Trustwave SpiderLabs Uncovers Ov3r_Stealer Malware Spread via Phishing and Facebook Advertising. Learn More

Trustwave SpiderLabs Uncovers Ov3r_Stealer Malware Spread via Phishing and Facebook Advertising. Learn More


Impedance Mismatch and Base64

There was a recent blog article stating that ModSecurity can be bypassed by adding invalid characters to Base64 encoded data. Well, this is somewhat correct, but I am not sure I'd call it a bypass. It is really "Impedance Mismatch" as it depends on the decoder you are using in your app. PHP's decoder is ignoring characters (RFC-2045) and ModSecurity is doing what Apache does for HTTP Basic Auth and not allowing the extra characters (RFC-4648)

The article's example is roughly this:

1) Take an attack string: <script>alert(1)</script> 2) Base64 encode it to: PHNjcmlwdD5hbGVydCgxKTwvc2NyaXB0Pg== 3) Now add an illegal character: P.HNjcmlwdD5hbGVydCgxKTwvc2NyaXB0Pg== 4) Notice that most decoders will not work, but PHP's will (act surprised)

PHP will apparently just skip the invalid characters (RFC-2045) and so something like this (article's example, not mine) will of course fail:

SecRule ARGS:b64 "alert" "t:base64decode,log,deny,status:501"

The Base64 decoder in ModSecurity is based off the RFC-4648 implementation of Base64. There are many other variants. Well, as it turns out it is important to know a bit more about your platform on which your app is based and the above trivial rule is just not going to cut it.

For PHP and possibly others you will need to go a little further and validate the character set first using a positive rule. Something like this is going to be required for the article's example:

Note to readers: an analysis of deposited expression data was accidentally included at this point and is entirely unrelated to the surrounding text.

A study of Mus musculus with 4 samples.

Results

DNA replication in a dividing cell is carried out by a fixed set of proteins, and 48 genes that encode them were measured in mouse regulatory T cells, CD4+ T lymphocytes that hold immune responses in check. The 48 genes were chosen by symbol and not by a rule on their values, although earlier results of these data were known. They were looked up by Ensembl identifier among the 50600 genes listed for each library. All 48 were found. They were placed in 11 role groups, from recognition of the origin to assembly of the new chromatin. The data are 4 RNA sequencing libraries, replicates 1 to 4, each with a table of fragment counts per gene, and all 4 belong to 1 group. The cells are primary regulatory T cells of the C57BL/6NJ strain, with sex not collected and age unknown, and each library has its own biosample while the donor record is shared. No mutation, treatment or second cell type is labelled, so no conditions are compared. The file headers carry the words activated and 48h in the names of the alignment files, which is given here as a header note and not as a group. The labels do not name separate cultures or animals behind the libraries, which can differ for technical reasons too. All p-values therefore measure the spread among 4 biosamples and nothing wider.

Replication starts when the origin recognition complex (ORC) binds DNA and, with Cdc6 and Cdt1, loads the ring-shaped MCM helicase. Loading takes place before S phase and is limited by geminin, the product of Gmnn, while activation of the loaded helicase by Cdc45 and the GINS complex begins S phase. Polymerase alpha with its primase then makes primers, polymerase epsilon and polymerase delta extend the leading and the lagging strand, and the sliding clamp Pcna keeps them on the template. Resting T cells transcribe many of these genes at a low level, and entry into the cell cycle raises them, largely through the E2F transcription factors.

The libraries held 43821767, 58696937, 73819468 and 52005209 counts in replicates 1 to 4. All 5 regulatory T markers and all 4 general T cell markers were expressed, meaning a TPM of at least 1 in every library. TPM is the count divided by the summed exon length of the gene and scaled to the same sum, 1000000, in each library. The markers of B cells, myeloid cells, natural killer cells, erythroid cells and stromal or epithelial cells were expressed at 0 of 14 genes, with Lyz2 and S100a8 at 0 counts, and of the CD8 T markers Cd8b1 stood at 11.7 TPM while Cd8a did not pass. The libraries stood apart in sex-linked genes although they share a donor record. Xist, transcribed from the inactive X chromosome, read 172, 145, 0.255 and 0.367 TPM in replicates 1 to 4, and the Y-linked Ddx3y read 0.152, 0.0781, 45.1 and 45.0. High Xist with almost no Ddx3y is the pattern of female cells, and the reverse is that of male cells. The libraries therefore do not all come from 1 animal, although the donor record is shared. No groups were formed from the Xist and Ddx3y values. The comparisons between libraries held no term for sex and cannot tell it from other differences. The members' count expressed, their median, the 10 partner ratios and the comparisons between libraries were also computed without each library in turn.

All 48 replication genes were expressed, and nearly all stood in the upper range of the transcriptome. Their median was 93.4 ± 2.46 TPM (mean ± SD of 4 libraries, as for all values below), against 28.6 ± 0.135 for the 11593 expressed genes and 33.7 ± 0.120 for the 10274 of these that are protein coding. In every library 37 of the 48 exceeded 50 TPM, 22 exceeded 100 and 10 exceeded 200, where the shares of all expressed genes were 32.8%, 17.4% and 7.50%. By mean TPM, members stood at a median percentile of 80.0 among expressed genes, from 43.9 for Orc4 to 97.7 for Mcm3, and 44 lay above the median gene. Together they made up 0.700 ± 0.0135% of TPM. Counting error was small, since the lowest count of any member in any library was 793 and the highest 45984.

SecRule ARGS:b64 "!^[A-Za-z0-9\+/]*={0,2}$" \   "phase:2,t:none,log,deny,status:403,msg:'Invalid Base64 Encoding'" SecRule ARGS:b64 "alert" \   "phase:2,t:none,t:base64decode,log,deny,status:403,msg:'Badness in b64'"

And now you get some better coverage:

# For PHNjcmlwdD5hbGVydCgxKTwvc2NyaXB0Pg== ModSecurity: Access denied with code 403 (phase 2). Pattern match "alert"  at ARGS:b64. [file "test.conf"] [line "3"] [msg "Badness in b64"]  [hostname "myhost"] [uri "/foo"] [unique_id "S8-4-X8AAQEAACGOJcoAAAAA"]  # For P.HNjcmlwdD5hbGVydCgxKTwvc2NyaXB0Pg== ModSecurity: Access denied with code 403 (phase 2). Match of  "rx ^[A-Za-z0-9\\\\+/]*={0,2}$" against "ARGS:b64" required.  [file "test.conf"] [line "1"] [msg "Invalid Base64 Encoding"]  [hostname "myhost"] [uri "/foo"] [unique_id "S8-5BX8AAQEAACJSKBYAAA@i"]

Though I am picking on PHP a bit here, this may be true in many other areas if you have decoders/parsers that accept out-of-the-norm data. You really do have to know your apps to write targeted rules like the example in this article. You cannot detect encodings like Base64 generically and I would not expect to find such a rule as this in a generic rule set such as ModSecurity's CRS.

Edited: Added details on which RFCs I was referring to and removed blame on PHP after further investigation as it really is just an issue with multiple variants of base64.